Deerfield star pole vaulter Reed Hancock, foreground, center, smiles before signing her scholarship with Alabama. Hancock, a two-time GISA Class AAA state champ and state record-holder, was joined by, front row, from left, coach Charlie Polhamus, sister Pate, mother Joanna and sister Perin, and in the back row from left, grandfather Fred Hancock, grandmother Sandra Hancock, father William and Zell Cooke.

Deerfield star pole vaulter Reed Hancock, foreground, center, smiles before signing her scholarship with Alabama. Hancock, a two-time GISA Class AAA state champ and state record-holder, was joined by, front row, from left, coach Charlie Polhamus, sister Pate, mother Joanna and sister Perin, and in the back row from left, grandfather Fred Hancock, grandmother Sandra Hancock, father William and Zell Cooke.

ALBANY --- Reed Hancock may never come down. At least not any time soon.

The Deerfield senior pole-vaulting specialist just keeps soaring — soaring beyond expectations, past state records and onto Cloud 9, where it seems like she’s lived since her sophomore year.

She was definitely there again Monday, surrounded by friends, family and her coaches as she became the second Division I track & field signee from Southwest Georgia in less than a week. Hancock is headed to compete right away for Alabama’s rising program, while Monroe star Mimieux Land signed with Clemson last Thursday.

“It feels great. I’m so excited to be a part of something that could be big at Alabama,” said Hancock, who also took visits to Auburn, Vanderbilt and Virginia before deciding on Alabama — the last school she toured while making her college rounds. “There’s an all new coaching staff, we’ll have a new indoor facility to train year round in. And this signing class — 27 of us, I think — is the largest they’ve had in school history.”

Hancock then added with a laugh: “It was bigger than their football signing class!”

Hancock may just be the biggest thing in Crimson Tide track & field if she keeps soaring like this.

When she jumped 11 feet, 6 inches at the state meet in 2010 — breaking the GISA Class AAA record — nobody thought she was done.

And she wasn’t.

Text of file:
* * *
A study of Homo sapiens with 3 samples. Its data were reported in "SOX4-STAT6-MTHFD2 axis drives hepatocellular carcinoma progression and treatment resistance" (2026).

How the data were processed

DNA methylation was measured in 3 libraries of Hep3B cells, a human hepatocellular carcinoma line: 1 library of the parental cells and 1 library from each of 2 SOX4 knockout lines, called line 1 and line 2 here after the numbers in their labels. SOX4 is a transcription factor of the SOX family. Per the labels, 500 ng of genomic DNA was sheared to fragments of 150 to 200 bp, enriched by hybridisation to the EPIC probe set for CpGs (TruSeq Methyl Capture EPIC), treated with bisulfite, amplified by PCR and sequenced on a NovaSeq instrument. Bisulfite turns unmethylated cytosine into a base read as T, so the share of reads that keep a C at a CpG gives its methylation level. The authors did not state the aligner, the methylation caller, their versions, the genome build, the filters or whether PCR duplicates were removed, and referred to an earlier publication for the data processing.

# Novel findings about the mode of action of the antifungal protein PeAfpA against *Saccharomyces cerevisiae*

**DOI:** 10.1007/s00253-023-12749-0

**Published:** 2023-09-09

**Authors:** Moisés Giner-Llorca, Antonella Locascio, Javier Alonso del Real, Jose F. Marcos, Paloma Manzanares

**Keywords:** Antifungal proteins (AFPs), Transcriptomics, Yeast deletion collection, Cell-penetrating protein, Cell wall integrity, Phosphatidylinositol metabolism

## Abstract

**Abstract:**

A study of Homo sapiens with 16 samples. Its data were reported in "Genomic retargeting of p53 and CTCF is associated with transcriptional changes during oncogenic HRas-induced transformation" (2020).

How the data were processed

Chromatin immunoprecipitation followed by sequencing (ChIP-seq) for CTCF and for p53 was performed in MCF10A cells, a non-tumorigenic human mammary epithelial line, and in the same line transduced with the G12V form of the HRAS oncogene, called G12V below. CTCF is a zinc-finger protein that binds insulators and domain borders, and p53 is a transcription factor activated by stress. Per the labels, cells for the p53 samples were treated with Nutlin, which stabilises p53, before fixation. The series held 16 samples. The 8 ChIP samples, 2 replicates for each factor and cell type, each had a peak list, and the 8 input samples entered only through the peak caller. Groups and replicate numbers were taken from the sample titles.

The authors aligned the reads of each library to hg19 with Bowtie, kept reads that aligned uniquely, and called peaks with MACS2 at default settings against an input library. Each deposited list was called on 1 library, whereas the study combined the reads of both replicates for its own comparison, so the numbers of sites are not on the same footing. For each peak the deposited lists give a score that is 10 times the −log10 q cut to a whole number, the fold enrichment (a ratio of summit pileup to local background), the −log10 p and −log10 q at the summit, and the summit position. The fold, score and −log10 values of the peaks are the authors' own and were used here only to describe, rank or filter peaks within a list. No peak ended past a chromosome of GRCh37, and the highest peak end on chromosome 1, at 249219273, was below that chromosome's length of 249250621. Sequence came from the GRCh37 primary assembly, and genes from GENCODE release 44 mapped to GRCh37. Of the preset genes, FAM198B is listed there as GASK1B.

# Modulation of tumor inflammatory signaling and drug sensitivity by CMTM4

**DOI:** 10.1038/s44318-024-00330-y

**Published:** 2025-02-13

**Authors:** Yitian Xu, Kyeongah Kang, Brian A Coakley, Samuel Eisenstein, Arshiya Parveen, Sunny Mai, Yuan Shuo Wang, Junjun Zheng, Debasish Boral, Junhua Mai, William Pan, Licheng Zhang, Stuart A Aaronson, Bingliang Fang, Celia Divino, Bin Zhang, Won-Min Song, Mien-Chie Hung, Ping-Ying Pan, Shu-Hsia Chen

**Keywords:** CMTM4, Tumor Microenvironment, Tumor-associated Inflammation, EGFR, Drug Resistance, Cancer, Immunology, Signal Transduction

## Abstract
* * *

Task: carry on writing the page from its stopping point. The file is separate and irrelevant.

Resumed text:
Hancock was selected to Team USA for the Junior Olympics in Singapore after her sophomore year, then she came back a season later and broke the state record again, this time with a leap of 11 feet 9 inches for her second individual championship.

Now she has even loftier goals.

Literally.

“First, I want to push the bar even higher when it comes my state record — I want to make it 12-6, at least, before I’m done. Maybe even 13,’’ she said with a sly grin. “We’ll see. I’m clearing that in practice right now.

“And, second, I want to get to the top of the marks that (the best jumpers in the SEC) are doing right now. That’s 14 feet. I just have to keep practicing, use bigger poles, work out more. And I will. I’ll do what I need to do.”

Her personal pole vaulting coach, Charlie Polhamus, was at this stage once in his career. The former world pole vault champion was able to do what he needed to do to take things to the next level, and he sees the same gleam in Hancock’s eye.

“She’s earned every bit of success she has. But she’s not done,” said Polhamus, who runs a private track & field training facility in Fitzgerald — specializing in pole vaulting — that has now produced a half dozen D-I signings in the last three years. “When she gets to Alabama, she’s going to be a force as a freshman right away.”

Hancock’s parents, Joanna and William, sure hope so, even if their daughter is, after all, going to play for a rival.

“My whole family is Georgia fans, but they’re excited for me,” laughed Reed, who plans to major in nursing. “It felt right to me and to them.”

Joanna added: “It’s a great fit for her because she found the place she felt she fit in best. Plus, it has a great nursing program.”

The track program is getting pretty good, too.

New coach Dan Waters, who is about to enter his second season, made his second recruiting class one to remember for the Tide, who have been in rebuilding mode since seeing nearly a complete turnover in their staff in the past two years. They finished Waters’ first season ranked in the Top 10 in the South Region Poll.

And now, of the 27 recruits Alabama snagged, 11 are currently ranked in the Top 25 nationally in their respective events, while 19 have won at least one state championship.

“There’s quite a few student-athletes we signed that I feel are future pillars of the program and can develop into multiple point scorers in the future,” Waters said of Hancock’s recruiting class. “I believe we really stuck close to the vision of the program and the direction we want to head. This group of talented student-athletes is big step forward in our overall plan to bring Alabama track and field to a position of prominence in the SEC and nationally.”

Comments

AlbanyIsTooDarkDuringTheDay 2 years, 2 months ago

Roll Tiiide! (really thick southern drawl) lol


This is great. I hope she does well.